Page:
Andrew Stanton’s John Carter is often spectacular, with stunning action and thrilling moments. It’s a film that captures the pulpy, swashbuckling sensibilities of Edgar Rice Burroughs while updating much of the whiz bang for an audience a century older than the original novels. In fact the film is so good, so close to great, that it’s incredibly frustrating when it can’t quite get there.
First, what works. Lynn Collins is magnificent as Martian princess Dejah Thoris. Rarely has a female character like this been seen in a boy-centric blockbuster; Dejah is a scientist as well as a princess, and a fierce warrior as well as a totally sexy bombshell. A whole generation will have their puberties kick started by Lynn Collins in this film. The pulp sensibilities of Burroughs included more than a little bit of fantasy sexuality (something George Lucas bleached out of too much of our post-Star Wars scifi and fantasy), and Collins is volcanic in her sexuality. But that doesn’t define the character, who feels fully realized and true. What I like best about Dejah Thoris is that her ass-kicking side doesn’t make her un-femme, and her toughness doesn’t make her any less humanly vulnerable. Imagine Princess Leia without Carrie Fisher’s boobs taped down or Sarah Connor without the masculinity and you begin to get the picture. Dejah Thoris is the best female character in science fiction/fantasy cinema since Ripley.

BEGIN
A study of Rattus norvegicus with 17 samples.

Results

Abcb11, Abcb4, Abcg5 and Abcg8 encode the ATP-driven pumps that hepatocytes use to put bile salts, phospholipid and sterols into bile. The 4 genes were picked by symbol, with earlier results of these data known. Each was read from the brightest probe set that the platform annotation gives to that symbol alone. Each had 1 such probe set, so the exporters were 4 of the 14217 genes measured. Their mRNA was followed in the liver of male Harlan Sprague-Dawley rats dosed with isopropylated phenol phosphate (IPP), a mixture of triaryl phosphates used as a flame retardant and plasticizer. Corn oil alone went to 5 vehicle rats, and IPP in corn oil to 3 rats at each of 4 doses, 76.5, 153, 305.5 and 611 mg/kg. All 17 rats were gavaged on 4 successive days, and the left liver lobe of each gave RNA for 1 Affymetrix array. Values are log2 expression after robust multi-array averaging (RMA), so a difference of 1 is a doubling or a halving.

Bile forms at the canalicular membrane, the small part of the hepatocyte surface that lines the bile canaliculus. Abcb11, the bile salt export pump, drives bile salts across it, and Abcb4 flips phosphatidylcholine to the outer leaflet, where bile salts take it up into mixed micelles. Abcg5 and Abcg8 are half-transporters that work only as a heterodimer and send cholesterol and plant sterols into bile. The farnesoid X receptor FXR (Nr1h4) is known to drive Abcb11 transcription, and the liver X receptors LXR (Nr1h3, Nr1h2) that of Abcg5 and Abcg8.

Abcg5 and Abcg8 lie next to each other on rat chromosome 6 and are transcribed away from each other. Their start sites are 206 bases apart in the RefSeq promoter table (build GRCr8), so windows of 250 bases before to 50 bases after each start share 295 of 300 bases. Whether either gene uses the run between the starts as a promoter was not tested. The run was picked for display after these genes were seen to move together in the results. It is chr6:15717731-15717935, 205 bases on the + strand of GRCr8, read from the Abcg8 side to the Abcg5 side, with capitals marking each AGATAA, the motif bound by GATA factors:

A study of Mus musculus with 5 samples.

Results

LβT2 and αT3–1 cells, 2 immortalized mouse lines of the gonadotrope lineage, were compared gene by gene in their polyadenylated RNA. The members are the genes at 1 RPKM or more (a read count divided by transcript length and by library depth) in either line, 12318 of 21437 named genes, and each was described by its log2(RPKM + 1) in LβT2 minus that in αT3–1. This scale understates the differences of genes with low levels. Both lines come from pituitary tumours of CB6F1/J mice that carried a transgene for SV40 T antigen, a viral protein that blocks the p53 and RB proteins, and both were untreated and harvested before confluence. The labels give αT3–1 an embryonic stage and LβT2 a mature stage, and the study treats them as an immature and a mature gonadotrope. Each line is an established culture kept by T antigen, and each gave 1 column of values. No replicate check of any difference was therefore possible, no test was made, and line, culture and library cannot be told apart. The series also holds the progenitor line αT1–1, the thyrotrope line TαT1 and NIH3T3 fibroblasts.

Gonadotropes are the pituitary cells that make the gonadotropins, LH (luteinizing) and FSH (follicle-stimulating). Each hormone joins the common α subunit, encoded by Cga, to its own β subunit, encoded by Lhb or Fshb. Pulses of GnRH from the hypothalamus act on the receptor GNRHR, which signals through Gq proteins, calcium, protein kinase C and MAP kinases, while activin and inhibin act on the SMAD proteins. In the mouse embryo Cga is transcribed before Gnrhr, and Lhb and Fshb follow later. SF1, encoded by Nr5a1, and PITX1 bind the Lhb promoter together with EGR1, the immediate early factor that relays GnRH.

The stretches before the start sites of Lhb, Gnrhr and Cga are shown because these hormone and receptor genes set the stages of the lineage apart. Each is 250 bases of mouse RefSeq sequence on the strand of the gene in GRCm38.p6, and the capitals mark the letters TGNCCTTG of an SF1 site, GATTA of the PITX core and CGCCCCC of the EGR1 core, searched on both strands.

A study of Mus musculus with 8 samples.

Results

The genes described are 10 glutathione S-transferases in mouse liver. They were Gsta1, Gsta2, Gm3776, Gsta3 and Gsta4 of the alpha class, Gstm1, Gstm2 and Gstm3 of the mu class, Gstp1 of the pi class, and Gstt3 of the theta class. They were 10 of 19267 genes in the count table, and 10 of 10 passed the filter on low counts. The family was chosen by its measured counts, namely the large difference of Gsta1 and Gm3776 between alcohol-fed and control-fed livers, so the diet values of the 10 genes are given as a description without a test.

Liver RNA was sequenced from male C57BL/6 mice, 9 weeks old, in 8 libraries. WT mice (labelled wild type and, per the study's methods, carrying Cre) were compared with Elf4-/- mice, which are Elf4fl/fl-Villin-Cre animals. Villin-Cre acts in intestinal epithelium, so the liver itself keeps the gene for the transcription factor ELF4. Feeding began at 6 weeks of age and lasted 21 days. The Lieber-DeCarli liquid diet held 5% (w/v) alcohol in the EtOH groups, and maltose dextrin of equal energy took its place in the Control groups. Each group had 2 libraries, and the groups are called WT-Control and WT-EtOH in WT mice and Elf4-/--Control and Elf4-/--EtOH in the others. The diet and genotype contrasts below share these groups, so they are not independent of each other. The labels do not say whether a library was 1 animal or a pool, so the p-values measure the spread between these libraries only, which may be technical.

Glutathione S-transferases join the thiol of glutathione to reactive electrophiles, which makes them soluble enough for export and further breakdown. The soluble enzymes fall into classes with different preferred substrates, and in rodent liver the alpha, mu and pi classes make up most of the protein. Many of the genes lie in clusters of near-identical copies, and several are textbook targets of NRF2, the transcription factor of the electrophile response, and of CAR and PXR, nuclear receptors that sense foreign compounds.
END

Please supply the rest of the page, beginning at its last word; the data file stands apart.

What’s more, Collins gets the tone of the film perfectly. She plays it just big enough, with a slightly theatrical Shakespearean broadness, to have fun while also taking it seriously. Her introduction has her speaking right into the camera, intoning a speech about saving the city of Helium from invaders, but she immediately breaks and looks away and we realize this isn’t some kind of David Lynch narration nonsense, it’s the princess practicing her words to herself. This epitomizes the tone of the film, a movie where the self-serious stuff is always undercut by warmth and humor.
It’s a Pixar tone, essentially, which makes sense as that’s from whence Stanton hails. You can see lots of Pixar stuff in this movie; there’s a scene early on where Taylor Kitsch’s John Carter is captured by Union soldier Bryan Cranston and he tries to escape as Cranston delivers exposition. Each attempt goes wrong, and is seamlessly edited together in a funny bit of of business that also gets across plot information.